In April 2021, Major League Baseball (MLB) announced that it was moving the upcoming All-Star Game out of Georgia in response to the state's new restrictive voter law and would instead be hosting the game at Coors Field in Denver, Colorado. Shortly after this news broke, political pundits started posting messages comparing the voter laws in Denver to Georgia's new voter law.
The National Review, for instance, wrote:
Another funny way of showing your concern for alleged “voting restrictions” is by moving the All-Star Game to a state that in many ways has voting laws at least as stringent as Georgia’s. To vote in Colorado, a person needs photo identification, just as they do at the will-call window at Coors Field.
But in the very next sentence, the Review confusingly added: "Like Colorado, Georgia allows voters without ID to use the last four digits of their Social Security number, a bank statement or utility bill, a paycheck, or any other government document with their name and address." Furthermore, the Review linked to Colorado's Secretary of State website, which confirmed that people can use a "copy of a current (within the last 60 days) utility bill, bank statement, government check, paycheck, or other government document that shows the name and address of the elector" as a form of identification. In other words, a Colorado voter may use any of several forms of identification, including some without a photo, in order to vote.
Republican communicator Matt Whitlock also shared an incomplete list of Colorado's voter-ID requirements:
Georgia Gov. Brian Kemp even made the erroneous claim about photo IDs during an appearance on Fox News. Kemp said:
They have 15 [days of in-person voting]. We have 17. They have a photo ID requirement for in-person voting as we do.
To be clear, Colorado does not require photo ID to vote in person.
While Kemp is right to say that Georgia has more days for in-person voting than Colorado, he failed to mention that Colorado is an all-mail voting state, which means that every eligible voter in Colorado receives a mail-in ballot before an election. While people still have the option to vote in person if they chose to (and can register the same day as the election), the vast majority of voters choose to vote by mail. In 2020, more than 99% of Colorado's vote arrived via mail.
It should also be noted that Georgia's new voting law is close to 100 pages and deals with far more than voter-ID requirements. Colorado Public Radio reported on some of the ways that Georgia's new voting law differs from the voting laws in Colorado:
Georgia’s new law moves the state away from Colorado’s vote-by-mail approach, pushing more voters to show up in person. For example, under the new law, Georgia elections officials can only mail out absentee applications to voters who individually request it, shutting down one approach to encouraging mail balloting. And voters will have a shorter window to ask for those ballots. (Georgia sent out absentee applications to millions of voters in the 2020 primary, even if they hadn’t requested it, to encourage absentee voting during the pandemic.)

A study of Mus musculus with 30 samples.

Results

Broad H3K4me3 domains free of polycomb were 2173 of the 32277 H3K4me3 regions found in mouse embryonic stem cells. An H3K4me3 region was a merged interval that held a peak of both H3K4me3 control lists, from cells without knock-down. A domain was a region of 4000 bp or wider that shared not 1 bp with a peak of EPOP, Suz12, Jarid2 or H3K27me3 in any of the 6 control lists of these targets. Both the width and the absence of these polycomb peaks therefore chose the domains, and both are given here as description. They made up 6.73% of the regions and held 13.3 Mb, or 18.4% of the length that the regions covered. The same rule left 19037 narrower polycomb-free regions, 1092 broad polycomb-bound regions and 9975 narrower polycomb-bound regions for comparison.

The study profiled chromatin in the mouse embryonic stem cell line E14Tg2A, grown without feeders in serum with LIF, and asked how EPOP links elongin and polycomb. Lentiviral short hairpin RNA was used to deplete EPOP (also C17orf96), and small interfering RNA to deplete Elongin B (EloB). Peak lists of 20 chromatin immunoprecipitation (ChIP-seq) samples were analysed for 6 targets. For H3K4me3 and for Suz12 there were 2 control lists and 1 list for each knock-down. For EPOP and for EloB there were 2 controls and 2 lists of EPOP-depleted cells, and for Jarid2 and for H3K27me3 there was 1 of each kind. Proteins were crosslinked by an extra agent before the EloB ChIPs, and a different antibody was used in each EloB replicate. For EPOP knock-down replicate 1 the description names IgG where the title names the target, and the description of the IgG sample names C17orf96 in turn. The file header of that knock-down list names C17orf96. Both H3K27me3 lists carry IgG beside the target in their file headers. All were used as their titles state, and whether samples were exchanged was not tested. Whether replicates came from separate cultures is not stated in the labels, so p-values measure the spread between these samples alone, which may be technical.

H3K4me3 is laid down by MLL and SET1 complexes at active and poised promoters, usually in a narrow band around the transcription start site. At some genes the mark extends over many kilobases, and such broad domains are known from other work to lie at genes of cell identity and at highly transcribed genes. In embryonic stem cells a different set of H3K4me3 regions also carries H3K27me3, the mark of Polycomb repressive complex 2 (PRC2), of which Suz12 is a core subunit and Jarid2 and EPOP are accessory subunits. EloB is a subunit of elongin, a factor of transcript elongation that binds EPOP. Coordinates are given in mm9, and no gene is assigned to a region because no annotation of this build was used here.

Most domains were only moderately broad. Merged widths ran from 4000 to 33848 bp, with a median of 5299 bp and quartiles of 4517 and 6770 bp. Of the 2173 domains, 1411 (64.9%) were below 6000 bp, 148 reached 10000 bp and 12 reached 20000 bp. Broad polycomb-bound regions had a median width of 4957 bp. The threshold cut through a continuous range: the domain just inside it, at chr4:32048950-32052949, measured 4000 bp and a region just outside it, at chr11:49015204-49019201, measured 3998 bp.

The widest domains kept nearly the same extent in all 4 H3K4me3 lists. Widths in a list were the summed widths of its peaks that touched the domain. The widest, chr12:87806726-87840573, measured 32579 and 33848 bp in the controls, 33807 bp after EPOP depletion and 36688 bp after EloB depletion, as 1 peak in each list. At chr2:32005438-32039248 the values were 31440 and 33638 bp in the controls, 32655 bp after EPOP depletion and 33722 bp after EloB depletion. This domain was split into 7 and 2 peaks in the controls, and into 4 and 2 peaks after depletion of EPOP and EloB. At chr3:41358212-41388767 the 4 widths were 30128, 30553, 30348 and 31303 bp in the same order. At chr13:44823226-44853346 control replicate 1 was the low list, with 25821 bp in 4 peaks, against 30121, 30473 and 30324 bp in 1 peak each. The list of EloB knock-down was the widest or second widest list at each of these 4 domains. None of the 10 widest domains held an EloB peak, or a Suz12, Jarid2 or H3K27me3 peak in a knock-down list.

The Georgia law also bans mobile voting centers, and it strictly limits the use of dropboxes. This is another area where Colorado is moving in the opposite direction. Colorado had one dropbox per 9,400 active registered voters for the last election, with the Secretary of State boasting about adding scores of new locations in the past few years.
In Georgia, it’s capped at one box per 100,000 active registered voters. The metropolitan Atlanta area could see its number of dropboxes drop from 94 to 23, The New York Times reported. And, instead of being outdoors with 24-hour access, as many in Colorado are, the Georgia boxes must be inside government buildings and voting sites.
The Georgia Recorder also noted a few of the differences between the election laws in Colorado and Georgia. Here's how the local outlet explained the difference between Georgia and Colorado's voter identification requirements:
Colorado doesn’t require voter ID for mail-in ballots. Georgia just passed such a requirement.
Republicans have seized upon the fact that Colorado requires ID for voters who vote in person, equating it with Georgia’s voter ID law, which was enacted in 2005. But the vast majority of Coloradans don’t need to show an ID in order to vote; last year, more than 94% of Colorado voters cast their ballots by returning them through the mail or in drop boxes, according to election-night data from the Colorado Secretary of State’s office. Colorado does require ID in order to register to vote, but the state accepts a wider range of forms of identification, including non-photo IDs like pay stubs and utility bills, than Georgia does.
Among the most controversial changes made by Georgia’s new election law is to require voter ID for absentee ballots — a requirement that doesn’t exist in Colorado, which uses signature verification to validate mail-in ballots.
While one could pick and choose portions of Georgia's law and compare them to the laws in other states, the overarching criticism of Georgia's new voting law is that it restricts voting access — by, for example, limiting the number of absentee ballot drop boxes and diminishing the time voters have to request absentee ballots — and that it was passed with votes solely from the political party (Republicans) that just lost two U.S. Senate seats (and a presidency) during an election that saw record-breaking turnout.
This law was also passed in the aftermath of an election that was marred by false claims about voter fraud. While Georgia legislators wrote in the new voting bill that the legislation was needed because "there was a significant lack of confidence in Georgia election systems," the Department of Homeland Security’s Cybersecurity and Infrastructure Security Agency (CISA) and other election officials previously called the 2020 election "the most secure in American history."